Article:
Seattle Mariners

Edgar Martinez Belongs in the Baseball Hall of Fame in 2011

SEATTLE, WA - OCTOBER 2:  Edgar Martinez #11 of the Seattle Mariners walks onto the field during a post game ceremony honoring his 18 year career with the Mariners on October 2, 2004 at Safeco Field in Seattle, Washington.  (Photo by Lisa Blumenfeld/Getty Images)
Lisa Blumenfeld/Getty Images
Tony MenendezCorrespondent IJuly 26, 2010

This summer there is no reason to be cheery in Seattle.

The Mariners have the second worst record in the American League, and the roster will probably go through changes as they should be sellers over the next few days with the trade deadline looming.

Perhaps next summer around this time of the year, things should be more gleeful and festive if one of its very own gets the call to the Hall of Fame.

Even though he was only a full-time designated hitter, Edgar Martinez does belong in Cooperstown.

As soon as he retired from being an active player, Major League Baseball recognized him as the greatest designated hitter of all time and renamed its yearly Designated Hitter Award as the Edgar Martinez Award.

And its qualifications are his own numbers.

The 18-season veteran is only one of six players in all history to have finished his career batting average of .300 or more, on-base percentage of .400 or more, a slugging percentage of .500 or more, 2,000 hits, 300 home runs, 500 doubles, and 1,000 walks.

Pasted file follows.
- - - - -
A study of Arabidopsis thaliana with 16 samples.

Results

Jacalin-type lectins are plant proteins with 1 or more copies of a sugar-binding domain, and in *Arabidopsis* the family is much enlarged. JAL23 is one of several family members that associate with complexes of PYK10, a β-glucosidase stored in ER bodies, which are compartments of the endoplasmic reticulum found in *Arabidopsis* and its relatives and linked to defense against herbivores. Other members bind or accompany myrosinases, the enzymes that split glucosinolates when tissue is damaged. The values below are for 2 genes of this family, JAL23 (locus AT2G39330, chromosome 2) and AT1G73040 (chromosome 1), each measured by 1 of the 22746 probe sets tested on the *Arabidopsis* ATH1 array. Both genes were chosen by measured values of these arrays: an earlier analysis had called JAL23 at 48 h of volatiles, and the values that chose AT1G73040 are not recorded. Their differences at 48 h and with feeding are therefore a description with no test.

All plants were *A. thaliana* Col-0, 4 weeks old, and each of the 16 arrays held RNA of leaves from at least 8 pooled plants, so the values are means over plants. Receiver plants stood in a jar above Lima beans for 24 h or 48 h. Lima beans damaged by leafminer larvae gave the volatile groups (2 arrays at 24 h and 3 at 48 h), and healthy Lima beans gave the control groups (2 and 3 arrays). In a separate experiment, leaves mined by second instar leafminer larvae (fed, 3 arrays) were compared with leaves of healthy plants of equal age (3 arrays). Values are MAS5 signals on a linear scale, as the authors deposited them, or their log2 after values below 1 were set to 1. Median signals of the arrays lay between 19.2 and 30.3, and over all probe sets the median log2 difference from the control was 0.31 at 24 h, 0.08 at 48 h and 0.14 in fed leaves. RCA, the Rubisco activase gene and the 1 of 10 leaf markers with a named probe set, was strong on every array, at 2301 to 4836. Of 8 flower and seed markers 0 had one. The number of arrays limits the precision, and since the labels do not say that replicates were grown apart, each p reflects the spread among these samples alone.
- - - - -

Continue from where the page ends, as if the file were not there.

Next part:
He is the Mariners' all-time leader in hits (2,247), doubles (514), walks (1,283), and games played (2,055).

He is also among the top 10 in other categories including at-bats (7,213), runs (1,219), home runs (309), RBI (1,261), total bases (3,718), and extra base hits (838).

Other recognitions include a seven-time All Star, five-time Silver Slugger, two-time American League batting champion (1992, 1995), and winning the Roberto Clemente Award (2004). He was also a two-time Mariners Player of the Year.

By the way, let's not forget Edgar is “Señor Mariner” not only in Seattle but in the whole Pacific Northwest.

He was so cherished the Mariners waived the waiting period so they could induct him into the team hall of fame after his 2004 retirement and on the south side of Safeco Field, they've named a street after him.

Moreover, the Mariners have not issue his No. 11 jersey since he retired.

It is very true Martinez received only 36.2 percent of the vote in his first year on the ballot,; however, history itself speaks by itself. Some greats, they have to wait.

Andre Dawson just got enshrined this last weekend in his ninth try. “The Hawk” rose from an initial vote total of 45.3 percent in 2002 to 77.9 percent in 2010.

Next summer it should be Edgar Martinez's time.